Comeback Kid

Album: Reign Of Terror (2012)


  • Brooklyn noise-pop duo Sleigh Bells comprises guitarist and producer Derek E. Miller and vocalist Alexis Krauss. The duo first got together in 2008 after Miller came across Krauss and her mother as he waited tables at a Brazilian restaurant, Miss Favela. When he mentioned that he was looking for a female vocalist to work with on a musical project, Krauss' mother immediately volunteered her daughter. Sleigh Bells signed their first record deal with M.I.A.'s label N.E.E.T. after director Spike Jonze recommended them. Their debut album, Treats, was released jointly on N.E.E.T. and Mom + Pop Music on May 11, 2010. Miller wrote the bulk of the record before he began working with singer Alexis Krauss.
  • This is a track from Sleigh Bells' second album Reign Of Terror. The record is more melody-driven and radio-friendly than their debut release, due mainly to Krauss's increased input in shaping the songs. "My interest in writing is dominantly informed by pop," she explained to Spin magazine. "I love bridges, counter-melodies, pre-choruses — that was definitely something I was interested in bringing to the record."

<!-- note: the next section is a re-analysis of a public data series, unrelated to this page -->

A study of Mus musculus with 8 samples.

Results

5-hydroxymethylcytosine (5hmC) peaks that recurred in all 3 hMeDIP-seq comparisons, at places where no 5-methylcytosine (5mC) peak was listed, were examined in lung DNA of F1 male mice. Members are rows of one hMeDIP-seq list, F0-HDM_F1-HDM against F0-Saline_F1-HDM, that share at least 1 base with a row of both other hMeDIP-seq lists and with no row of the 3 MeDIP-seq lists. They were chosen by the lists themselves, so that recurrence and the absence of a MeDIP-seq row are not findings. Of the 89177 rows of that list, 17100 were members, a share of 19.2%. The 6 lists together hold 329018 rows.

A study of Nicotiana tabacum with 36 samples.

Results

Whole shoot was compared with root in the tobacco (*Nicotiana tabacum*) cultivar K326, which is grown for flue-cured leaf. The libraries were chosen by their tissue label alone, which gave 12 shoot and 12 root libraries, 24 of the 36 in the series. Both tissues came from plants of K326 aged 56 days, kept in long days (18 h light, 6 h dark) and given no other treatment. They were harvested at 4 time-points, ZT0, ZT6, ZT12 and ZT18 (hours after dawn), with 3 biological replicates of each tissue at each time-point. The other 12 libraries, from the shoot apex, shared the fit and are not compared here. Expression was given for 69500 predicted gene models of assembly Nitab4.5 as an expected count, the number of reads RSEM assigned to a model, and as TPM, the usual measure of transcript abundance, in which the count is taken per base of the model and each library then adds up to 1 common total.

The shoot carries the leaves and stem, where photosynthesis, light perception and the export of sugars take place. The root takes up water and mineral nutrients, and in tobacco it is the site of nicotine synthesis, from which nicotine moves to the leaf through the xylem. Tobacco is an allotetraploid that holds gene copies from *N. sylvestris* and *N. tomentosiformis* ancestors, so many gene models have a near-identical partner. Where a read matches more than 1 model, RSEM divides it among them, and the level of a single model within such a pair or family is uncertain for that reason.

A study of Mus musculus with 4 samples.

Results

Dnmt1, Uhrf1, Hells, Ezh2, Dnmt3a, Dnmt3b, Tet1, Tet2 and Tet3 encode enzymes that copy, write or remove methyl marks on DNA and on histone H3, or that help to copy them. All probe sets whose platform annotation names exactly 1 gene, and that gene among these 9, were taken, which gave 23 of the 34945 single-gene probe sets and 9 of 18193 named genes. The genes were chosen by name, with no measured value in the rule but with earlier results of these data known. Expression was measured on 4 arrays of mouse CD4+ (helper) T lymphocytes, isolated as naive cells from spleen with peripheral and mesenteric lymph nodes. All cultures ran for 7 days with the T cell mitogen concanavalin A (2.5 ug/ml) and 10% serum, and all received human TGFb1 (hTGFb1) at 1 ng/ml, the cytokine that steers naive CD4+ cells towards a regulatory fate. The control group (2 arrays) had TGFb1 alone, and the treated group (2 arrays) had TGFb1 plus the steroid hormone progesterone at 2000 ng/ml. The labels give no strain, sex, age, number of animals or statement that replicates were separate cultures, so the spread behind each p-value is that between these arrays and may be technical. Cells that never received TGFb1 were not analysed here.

• Krauss also explained how Miller's new instrumental emphasis affected the songwriting. "A lot of the chord progressions that Derek was writing lent themselves to having more interesting melodies on top of them," she said. "You can really hear that in a song like [the new] 'Comeback Kid.' It's almost an R&B melody. That's my style coming through."
  • "Comeback Kid is an R&B song," said Miller to The Guardian, "but I'm pretty indebted to Nirvana for the power chords."
  • The song's music video was directed by Miller and Gregory Kohn and was filmed in the town of Jupiter, Florida, where the guitarist and producer was brought up. The clip starts with Krauss jumping on a bed clutching a gun. In an interview with The National Post the singer compared the opening with the works of David Lynch. "The gun is used in the same way that directors like David Lynch play with suburban settings," she said, " where everything seems pleasant but there's a dark underbelly. We really enjoy that dichotomy, juxtaposing the light with the dark; I'm in a big robe with a big hat and a smile on my face, yet I have this weapon … [there's] the feeling that you don't know what's going to happen next, like something is off."